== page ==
What is a pin in chess?

Pinpointing the meaning of pins can go a long way in chess.


What is a pin?

Pins are one of the basic tactical motifs in chess. By attacking a piece that has a more valuable counterpart behind it, it becomes “pinned” and can’t move without a loss of material. Pins are similar to skewers, but in that scenario, the more valuable piece is the one that’s directly threatened. Only bishops, rooks, and queens can pin pieces.

Here is an example of one of the most common pins in the opening:


Sometimes you can also pin a piece to a square. Consider the following example:


The best way to make use of a pinned piece is to attack it, preferably with pawns. Since it is struggling to move, it is a juicy target to attack and take out. Because of that, you should try to get out of the pin as soon as possible if your piece has been immobilized.

How to get out of a pin in chess?

There are three ways to deal with a pin (also known as “unpinning”). First, you could move the valuable piece out of the way, freeing up the pinned piece. This generally requires the pinned piece to be protected by something else. You can also remove the pinning piece, either by capturing it outright or by forcing it to move away. You also have the option to block the pin by placing another piece in the line of fire, disconnecting the pinned piece from the valuable target behind it.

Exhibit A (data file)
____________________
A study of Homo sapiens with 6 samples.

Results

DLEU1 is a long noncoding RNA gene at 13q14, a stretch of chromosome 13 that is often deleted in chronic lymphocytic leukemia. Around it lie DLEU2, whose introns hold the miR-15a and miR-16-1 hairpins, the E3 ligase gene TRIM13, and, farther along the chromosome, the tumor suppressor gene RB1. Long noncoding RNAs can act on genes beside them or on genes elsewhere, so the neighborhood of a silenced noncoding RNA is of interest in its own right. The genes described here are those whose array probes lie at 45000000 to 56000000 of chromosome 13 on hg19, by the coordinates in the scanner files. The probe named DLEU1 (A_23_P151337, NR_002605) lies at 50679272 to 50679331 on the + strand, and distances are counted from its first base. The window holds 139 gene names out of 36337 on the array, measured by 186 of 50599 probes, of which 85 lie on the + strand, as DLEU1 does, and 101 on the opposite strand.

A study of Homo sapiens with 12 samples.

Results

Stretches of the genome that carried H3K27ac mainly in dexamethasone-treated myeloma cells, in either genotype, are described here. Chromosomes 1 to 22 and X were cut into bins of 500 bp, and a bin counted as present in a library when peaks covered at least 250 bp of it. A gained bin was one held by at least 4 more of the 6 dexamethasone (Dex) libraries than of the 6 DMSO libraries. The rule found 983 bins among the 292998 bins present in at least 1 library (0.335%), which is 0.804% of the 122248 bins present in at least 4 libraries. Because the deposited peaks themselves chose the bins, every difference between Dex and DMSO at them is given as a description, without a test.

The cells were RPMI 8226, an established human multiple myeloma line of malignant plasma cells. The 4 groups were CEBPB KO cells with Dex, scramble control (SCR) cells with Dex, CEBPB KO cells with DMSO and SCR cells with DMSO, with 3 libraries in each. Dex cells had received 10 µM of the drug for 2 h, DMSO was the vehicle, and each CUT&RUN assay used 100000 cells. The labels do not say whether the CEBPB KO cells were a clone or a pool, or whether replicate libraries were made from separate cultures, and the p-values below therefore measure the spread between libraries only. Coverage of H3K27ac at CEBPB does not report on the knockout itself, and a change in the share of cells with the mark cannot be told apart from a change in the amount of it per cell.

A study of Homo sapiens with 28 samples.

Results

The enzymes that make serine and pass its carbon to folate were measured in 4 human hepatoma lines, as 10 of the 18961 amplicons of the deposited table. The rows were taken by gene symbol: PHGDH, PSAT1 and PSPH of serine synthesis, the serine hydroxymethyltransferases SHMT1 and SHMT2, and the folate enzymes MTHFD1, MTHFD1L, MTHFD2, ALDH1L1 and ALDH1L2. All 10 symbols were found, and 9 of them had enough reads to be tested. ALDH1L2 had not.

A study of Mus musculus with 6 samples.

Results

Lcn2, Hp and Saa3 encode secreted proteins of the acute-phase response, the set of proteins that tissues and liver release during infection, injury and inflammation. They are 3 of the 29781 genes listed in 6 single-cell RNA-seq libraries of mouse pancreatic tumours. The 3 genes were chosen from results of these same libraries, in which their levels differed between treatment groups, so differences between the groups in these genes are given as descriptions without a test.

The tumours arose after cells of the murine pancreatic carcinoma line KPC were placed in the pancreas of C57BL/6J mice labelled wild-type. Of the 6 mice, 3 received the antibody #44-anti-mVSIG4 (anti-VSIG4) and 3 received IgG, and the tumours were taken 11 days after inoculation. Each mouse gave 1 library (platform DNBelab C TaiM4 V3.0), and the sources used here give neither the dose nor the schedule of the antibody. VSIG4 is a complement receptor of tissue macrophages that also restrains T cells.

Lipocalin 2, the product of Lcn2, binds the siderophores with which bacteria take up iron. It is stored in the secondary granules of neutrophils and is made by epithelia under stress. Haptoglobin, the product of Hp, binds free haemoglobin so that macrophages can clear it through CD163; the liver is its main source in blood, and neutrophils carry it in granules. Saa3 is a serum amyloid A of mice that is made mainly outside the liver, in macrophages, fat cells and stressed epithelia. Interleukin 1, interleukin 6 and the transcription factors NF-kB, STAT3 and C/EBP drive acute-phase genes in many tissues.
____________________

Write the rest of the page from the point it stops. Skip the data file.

Sometimes, pins don’t work out as planned. If the pinning piece is not protected properly, you might jump out of the way with tempo and turn the tables on your opponent. Here is another classic example:

Image via lichess.org

Though it seems like the f3 knight cannot move, a fancy sacrifice on f7 quickly rips black’s plans apart: after Bxf7+ and Kxf7, Ng5 comes with check, exposing the g4 bishop to the vengeful queen on d1, with a capture to follow. Turning around a pin in this fashion is one of the most satisfying things in chess.